Gender inequality goes pop: Brit Awards showcase songwriting's women problem


The statistics shocked even those enmeshed in the industry. But research by The Telegraph has found that gender inequality in the UK music industry is almost as bad. Women are similarly terribly represented in the writing and production of songs. Furthermore, female representation among writers of pop music has made almost no progress.

An investigation into Brit Award nominations found that women made up just 108 of the 616 songwriters to have a credit on a song nominated for Best Single since 1999. This equates to just 17.5 per cent of all writers. The figure is pertinent – of approximately 120,000 writer members of the PRS for music, 17 per cent are female.

While the size of teams writing Brit Award-nominated songs has increased over the past 20 years, there hasn’t been a rise in the number of women involved. Between 2009 and 2018 there were 3.6 writers per song on average, up from 3.1 per song in the previous decade. This jumped again in 2018, where there were 5.3 writers per Best Single-nominated song.

But while this increased number of songwriters has resulted in more songs featuring female writers, the number of female writers has grown proportionally with the number of male writers.

As a result, the level of female representation has stayed resolutely static. Between 2009 and 2018, 18 per cent of writers were female compared to 17 per cent for 1999 to 2008.

The data also shows that while male songwriters write for all kinds of artists, women songwriters are far more likely to write songs for other women than they are for men. Many of the female songwriters listed are those who have written songs that they also perform, for example, Adele, Shaznay Lewis and Jessie J. However, the number of silent female songwriters – who don’t perform the songs they’ve written – is tiny.

Among the Best Single-nominated songs performed by all-female or mixed gender acts, 30 per cent of songwriting credits went to women. Among songs performed by all-male acts this figure was just six per cent. Maegan Cottone, for instance, is a named songwriter on Olly Murs and Demi Lovato’s song Up, nominated in 2016, while Leslie Bricusse contributed to the writing of Robbie Williams’ Millennium.

As with Smith’s research, women fared worse when it came to production credits: just 15 of the 285 producers behind these songs were female – that’s less than 5 per cent.

For Vick Bain, CEO of the British Academy of Songwriters, Composers and Authors (BASCA), these figures are familiar – she has been conducting research into how many women writers are signed to music publishing companies. “For many decades songwriting and composing was almost totally a man’s world,” she tells The Telegraph.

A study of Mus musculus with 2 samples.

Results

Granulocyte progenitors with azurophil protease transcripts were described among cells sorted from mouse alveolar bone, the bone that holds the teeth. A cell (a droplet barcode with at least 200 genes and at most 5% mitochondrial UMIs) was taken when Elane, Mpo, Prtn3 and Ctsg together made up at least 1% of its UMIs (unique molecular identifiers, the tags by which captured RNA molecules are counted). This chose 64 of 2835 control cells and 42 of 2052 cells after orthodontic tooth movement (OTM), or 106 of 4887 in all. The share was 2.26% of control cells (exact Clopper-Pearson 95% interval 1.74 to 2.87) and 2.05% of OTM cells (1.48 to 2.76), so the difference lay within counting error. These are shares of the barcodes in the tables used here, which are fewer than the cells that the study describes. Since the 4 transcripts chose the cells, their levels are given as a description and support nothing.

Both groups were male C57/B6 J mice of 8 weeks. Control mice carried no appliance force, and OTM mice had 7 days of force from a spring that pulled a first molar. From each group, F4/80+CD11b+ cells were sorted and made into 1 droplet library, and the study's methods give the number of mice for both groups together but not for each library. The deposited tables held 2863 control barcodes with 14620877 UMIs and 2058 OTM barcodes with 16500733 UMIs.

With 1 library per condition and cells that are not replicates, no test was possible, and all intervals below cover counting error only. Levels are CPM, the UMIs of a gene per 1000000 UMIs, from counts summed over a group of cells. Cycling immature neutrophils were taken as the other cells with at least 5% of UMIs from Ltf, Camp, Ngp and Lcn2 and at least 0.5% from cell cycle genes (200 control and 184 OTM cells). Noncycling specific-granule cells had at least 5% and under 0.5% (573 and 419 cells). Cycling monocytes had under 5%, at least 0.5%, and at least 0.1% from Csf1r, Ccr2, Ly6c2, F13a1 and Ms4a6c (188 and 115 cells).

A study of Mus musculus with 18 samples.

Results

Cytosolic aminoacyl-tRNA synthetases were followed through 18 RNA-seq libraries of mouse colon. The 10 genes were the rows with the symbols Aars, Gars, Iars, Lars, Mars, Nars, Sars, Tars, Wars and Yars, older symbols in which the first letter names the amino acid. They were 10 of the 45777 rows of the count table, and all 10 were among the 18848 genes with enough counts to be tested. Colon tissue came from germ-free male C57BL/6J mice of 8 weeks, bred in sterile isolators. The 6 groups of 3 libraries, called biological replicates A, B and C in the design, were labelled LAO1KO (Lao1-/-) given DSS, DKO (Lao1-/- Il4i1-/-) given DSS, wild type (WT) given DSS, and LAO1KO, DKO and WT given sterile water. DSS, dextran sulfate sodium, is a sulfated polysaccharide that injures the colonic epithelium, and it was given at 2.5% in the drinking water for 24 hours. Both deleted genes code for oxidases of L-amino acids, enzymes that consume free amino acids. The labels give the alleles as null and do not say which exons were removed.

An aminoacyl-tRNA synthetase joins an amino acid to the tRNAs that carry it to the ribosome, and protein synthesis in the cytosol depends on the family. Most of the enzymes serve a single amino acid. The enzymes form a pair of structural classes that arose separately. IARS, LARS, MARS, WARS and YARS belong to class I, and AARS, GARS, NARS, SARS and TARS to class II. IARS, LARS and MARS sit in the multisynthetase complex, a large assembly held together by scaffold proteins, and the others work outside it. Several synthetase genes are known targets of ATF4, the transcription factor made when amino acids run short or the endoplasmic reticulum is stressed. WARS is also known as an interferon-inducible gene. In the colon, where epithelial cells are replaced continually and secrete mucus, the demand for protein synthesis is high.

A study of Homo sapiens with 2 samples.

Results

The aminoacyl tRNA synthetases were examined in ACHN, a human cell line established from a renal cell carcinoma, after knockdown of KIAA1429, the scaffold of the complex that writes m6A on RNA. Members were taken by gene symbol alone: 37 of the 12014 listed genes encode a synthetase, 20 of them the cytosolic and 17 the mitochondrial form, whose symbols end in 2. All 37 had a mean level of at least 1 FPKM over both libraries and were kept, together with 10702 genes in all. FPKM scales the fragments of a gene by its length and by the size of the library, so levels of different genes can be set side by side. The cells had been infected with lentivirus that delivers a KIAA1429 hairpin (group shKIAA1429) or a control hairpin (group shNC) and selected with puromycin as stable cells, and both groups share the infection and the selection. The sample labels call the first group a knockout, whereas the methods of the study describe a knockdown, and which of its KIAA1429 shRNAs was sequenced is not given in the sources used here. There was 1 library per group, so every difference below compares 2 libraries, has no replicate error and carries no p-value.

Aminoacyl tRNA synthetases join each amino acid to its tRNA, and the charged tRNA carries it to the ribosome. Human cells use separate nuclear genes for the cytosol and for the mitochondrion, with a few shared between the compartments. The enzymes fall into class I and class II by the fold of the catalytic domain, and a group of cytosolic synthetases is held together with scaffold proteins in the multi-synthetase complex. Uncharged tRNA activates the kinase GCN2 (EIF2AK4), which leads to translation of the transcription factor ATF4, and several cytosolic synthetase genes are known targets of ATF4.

Bain argues that awards ceremonies – such as the Grammys and the Brit Awards – are inevitably going to suffer from a gender bias because women are not fairly represented at the core of the music industry. “If women are not being asked to write the songs, perform the songs or have their songs commercially released and played, then they will not be submitted or considered for judging,” she explains.

While the Musicians Union claims that 30 per cent of its 33,000 members are female, it is unknown how many of these women are signed to a record label. Bain, however, suspects the numbers could reflect Smith’s findings that nearer 10 per cent of professional songwriters are women.

Bearing this in mind, Bain says, the BPI, who manage the Brit Awards, “manages to get a more gender balanced view of the industry at the Brits than what actually exists, because two of its eight categories are for female artists.”

The Brit Awards are, however, aware of their historic gender problem, and say that the overhaul of the Voting Academy in 2016, to include more than 1,000 industry experts, was intended to “encourage more equality and balance in the voting process”.

The changes to the Academy caused a considerable shift towards gender parity: from 70 per cent male to 30 per cent female before 2016, to 52 per cent male to 48 per cent female after.

A Brits spokesperson told The Telegraph: “We know that there is more to do and we are continuing with our commitment to have the best processes in place for our Academy, who ultimately choose the winners, to vote for who they think is most deserving of the Awards.”  

“We have been pleased by the nominations this year which sees 47 per cent of the nominations going to female artists – up by nine per cent from last year.”